The notes of two bagpipers and a sole drummer leading a procession of American University’s newest students to convocation through a throng of cheering onlookers signaled both the culmination of AU’s Welcome Week and the beginning of a new academic year.
For the 1,550 young men and women who took seats on the Bender Arena floor on August 26, the 86th edition of AU’s formal welcoming ceremony marked the end of an exciting week of events during which they began forging new friendships and familiarizing themselves with their city and its many communities.
“These years that are upon us will be among the most important in your lives,” AU president Neil Kerwin said. “By applying yourselves conscientiously to the challenges and rich opportunities provided by this extraordinary institution, you will leave here educated, expert, and experienced.”
More than 600 incoming freshmen started the week by committing 10,000 hours of service to 56 community sites and nonprofit organizations. Now in its 21st year, Freshman Service Experience (FSE) oriented students to their new home by giving them the chance to roll up their sleeves and join in efforts to better the community. Pairing days of service with evening programs highlighting community leaders and policy makers, students had the chance to bring their work into the context of the city’s challenges.
At Kimball Elementary and Stuart-Hobson Middle School volunteers helped to build a “living classroom,” a native garden and trail system to teach children about the importance of watersheds and instill a passion for their protection.
Others were part of community outreach with Weatherize D.C. and talked to neighbors about ways the program can retrofit their homes and reduce energy bills by 15 to 25 percent. With other organizations, they painted and bowled with senior citizens. They made murals, answered phones and beautified playgrounds. As FSE’s 2011 Wizard of Oz-esque theme indicated, through service, these students learned, “there’s no place like D.C.”
This year’s FSE was shortened from a four-day event to three days, two nights to correspond with other Welcome Week activities. The Discover DC program allows new AU students to learn about Washington’s unique diversity by visiting various neighborhoods in the area, and to consider the concept of civic engagement as it is lived by D.C. residents. For the first time, the Office of Campus Life also offered 100 students seven more academic programs through the schools and colleges.
“It is an opportunity to connect new students to the academic and intellectual side of AU, as well as an opportunity for students to start thinking about D.C. as an extension of campus,” said Tiffany Sanchez, director of New Student Programs.
Scholar-Teacher of the Year Robert Durant challenged students during his convocation speech to begin thinking about the country’s most pressing problems from the moment they sit down in their first class.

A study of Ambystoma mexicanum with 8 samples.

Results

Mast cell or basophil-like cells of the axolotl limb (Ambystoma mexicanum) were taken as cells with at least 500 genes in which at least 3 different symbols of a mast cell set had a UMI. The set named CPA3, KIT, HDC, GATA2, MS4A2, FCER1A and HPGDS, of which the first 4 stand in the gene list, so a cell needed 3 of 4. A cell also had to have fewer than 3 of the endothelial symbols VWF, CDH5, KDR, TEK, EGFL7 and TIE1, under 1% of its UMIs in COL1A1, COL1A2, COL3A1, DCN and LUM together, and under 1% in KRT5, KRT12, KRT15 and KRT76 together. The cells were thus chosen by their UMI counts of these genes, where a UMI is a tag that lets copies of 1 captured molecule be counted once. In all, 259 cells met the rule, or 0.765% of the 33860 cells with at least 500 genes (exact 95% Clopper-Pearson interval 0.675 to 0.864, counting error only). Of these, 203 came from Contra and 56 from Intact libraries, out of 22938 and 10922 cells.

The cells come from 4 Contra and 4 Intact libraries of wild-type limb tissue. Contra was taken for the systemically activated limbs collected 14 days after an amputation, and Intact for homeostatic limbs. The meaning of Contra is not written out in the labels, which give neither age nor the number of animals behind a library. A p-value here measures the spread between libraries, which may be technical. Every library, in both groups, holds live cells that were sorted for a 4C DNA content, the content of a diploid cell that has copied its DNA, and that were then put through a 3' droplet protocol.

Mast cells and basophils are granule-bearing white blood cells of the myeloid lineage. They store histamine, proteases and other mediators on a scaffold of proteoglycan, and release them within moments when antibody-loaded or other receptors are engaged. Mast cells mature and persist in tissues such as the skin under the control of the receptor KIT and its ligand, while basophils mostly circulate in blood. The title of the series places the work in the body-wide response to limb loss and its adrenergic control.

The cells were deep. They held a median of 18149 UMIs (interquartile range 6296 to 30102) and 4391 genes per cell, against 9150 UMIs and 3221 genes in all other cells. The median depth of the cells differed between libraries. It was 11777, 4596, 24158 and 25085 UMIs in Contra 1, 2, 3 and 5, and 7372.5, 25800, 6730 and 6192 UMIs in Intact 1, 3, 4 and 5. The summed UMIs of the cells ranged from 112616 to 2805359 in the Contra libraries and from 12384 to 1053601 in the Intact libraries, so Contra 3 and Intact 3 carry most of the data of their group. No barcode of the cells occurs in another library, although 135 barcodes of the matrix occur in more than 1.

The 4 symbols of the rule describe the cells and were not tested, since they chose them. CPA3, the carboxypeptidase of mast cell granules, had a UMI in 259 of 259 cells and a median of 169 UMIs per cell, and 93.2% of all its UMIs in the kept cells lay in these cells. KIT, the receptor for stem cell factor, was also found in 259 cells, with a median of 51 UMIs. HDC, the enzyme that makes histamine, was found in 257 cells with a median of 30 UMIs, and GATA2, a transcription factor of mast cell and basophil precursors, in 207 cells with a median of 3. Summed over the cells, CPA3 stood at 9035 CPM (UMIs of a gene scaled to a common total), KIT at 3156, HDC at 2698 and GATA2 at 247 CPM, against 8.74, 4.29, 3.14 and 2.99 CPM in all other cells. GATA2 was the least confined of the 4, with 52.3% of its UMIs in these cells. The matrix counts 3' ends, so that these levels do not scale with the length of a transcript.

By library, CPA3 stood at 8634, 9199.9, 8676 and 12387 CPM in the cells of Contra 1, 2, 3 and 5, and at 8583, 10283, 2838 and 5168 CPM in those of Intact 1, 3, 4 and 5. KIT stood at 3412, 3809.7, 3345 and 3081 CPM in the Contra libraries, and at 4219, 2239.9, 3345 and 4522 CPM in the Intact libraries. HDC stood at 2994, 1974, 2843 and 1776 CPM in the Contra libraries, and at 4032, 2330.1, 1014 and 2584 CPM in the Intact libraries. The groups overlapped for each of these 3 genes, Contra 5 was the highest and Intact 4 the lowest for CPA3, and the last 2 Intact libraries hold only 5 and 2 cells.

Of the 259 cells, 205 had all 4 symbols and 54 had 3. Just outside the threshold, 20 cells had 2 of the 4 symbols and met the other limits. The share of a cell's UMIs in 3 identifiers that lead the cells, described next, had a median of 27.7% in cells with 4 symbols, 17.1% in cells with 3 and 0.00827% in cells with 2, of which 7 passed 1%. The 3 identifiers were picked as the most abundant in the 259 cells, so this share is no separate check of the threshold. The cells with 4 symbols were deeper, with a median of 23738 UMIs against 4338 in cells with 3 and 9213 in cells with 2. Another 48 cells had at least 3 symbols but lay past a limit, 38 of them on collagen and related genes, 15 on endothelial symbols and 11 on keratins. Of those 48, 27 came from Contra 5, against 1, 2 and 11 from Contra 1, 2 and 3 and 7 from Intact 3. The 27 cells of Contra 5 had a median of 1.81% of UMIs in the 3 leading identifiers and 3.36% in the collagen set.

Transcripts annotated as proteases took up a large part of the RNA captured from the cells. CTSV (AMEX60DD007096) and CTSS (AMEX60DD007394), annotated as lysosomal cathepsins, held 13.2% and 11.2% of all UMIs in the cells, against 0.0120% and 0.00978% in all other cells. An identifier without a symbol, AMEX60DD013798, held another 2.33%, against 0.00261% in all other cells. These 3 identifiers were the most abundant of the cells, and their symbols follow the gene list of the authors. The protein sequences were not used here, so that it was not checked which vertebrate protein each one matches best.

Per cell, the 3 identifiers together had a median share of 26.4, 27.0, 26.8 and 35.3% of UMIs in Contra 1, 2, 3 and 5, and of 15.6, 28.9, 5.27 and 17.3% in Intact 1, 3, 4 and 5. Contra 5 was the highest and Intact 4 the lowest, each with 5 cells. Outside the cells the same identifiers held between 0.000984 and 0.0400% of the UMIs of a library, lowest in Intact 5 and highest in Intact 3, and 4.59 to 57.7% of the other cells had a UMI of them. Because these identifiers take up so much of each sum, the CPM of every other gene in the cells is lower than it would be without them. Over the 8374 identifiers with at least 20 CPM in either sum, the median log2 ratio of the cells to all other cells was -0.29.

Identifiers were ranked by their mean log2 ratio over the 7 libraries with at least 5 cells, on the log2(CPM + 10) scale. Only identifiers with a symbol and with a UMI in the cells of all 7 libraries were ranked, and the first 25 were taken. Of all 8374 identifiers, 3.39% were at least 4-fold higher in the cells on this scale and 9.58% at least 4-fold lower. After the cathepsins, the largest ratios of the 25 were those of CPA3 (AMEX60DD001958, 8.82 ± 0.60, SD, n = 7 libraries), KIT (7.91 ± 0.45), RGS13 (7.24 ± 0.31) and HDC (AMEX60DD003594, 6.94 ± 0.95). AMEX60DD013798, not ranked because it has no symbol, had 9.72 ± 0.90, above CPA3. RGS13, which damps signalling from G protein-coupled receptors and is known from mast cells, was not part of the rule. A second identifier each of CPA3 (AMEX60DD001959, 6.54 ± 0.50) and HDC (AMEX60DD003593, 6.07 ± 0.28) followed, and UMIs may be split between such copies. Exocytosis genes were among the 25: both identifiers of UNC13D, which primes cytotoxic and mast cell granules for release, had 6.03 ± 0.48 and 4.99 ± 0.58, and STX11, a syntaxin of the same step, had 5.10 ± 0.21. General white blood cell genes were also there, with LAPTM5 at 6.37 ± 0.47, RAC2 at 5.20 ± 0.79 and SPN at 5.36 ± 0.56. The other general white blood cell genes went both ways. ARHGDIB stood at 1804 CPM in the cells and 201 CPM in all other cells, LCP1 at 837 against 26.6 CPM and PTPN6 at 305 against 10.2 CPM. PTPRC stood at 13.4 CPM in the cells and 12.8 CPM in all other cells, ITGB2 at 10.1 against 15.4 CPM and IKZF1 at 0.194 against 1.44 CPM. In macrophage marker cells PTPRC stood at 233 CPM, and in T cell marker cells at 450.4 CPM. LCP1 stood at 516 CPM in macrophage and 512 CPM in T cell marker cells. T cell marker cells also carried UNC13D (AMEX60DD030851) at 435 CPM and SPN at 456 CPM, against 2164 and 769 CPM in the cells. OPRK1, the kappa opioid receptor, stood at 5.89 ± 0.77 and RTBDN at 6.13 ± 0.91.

“Here’s the dirty little secret,” said Durant, professor of public administration and policy in the School of Public Affairs. “We’re not going to give you answers to those questions. You’re going to be the ones to provide the answers. What we’re going to give you here during your stay here at American University is our frameworks, our formulas, our concepts, our critical learning skills that are going to be able to add to your ability to address those questions, but to really address the two questions that Tolstoy said all of us as individuals have to entertain: What should I do with my life and how should I live my life?”
After just two years at AU, Tim McBride seems to have figured that out. The student government president praised his newest classmates, who were selected for admission from 18,754 applicants. Their average SAT score of 1,261 and GPA of 3.82 suggest that they too soon will excel.
“The class of 2015 perhaps more so than any previous class embodies the values of AU—diversity and service,” McBride said. “When we turn 40, our 18-year-old selves will be proud of what we’ve accomplished.”
Twenty years ago Chip Griffin, SPA/BA ’94, was a wide-eyed freshman from New Hampshire when he attended AU’s convocation. Now vice president of the AU Alumni Board, he spoke nostalgically about meeting his wife at AU.
“You may not find your own life or business partner here at AU, but you could very well meet your best friend, your future boss, the editor of your novel, your first client, or your campaign manager,” he said. “You might be sitting next to a future movie star, an award-winning journalist, a Nobel Prize winner, a heart surgeon, ambassador, governor, or even president.”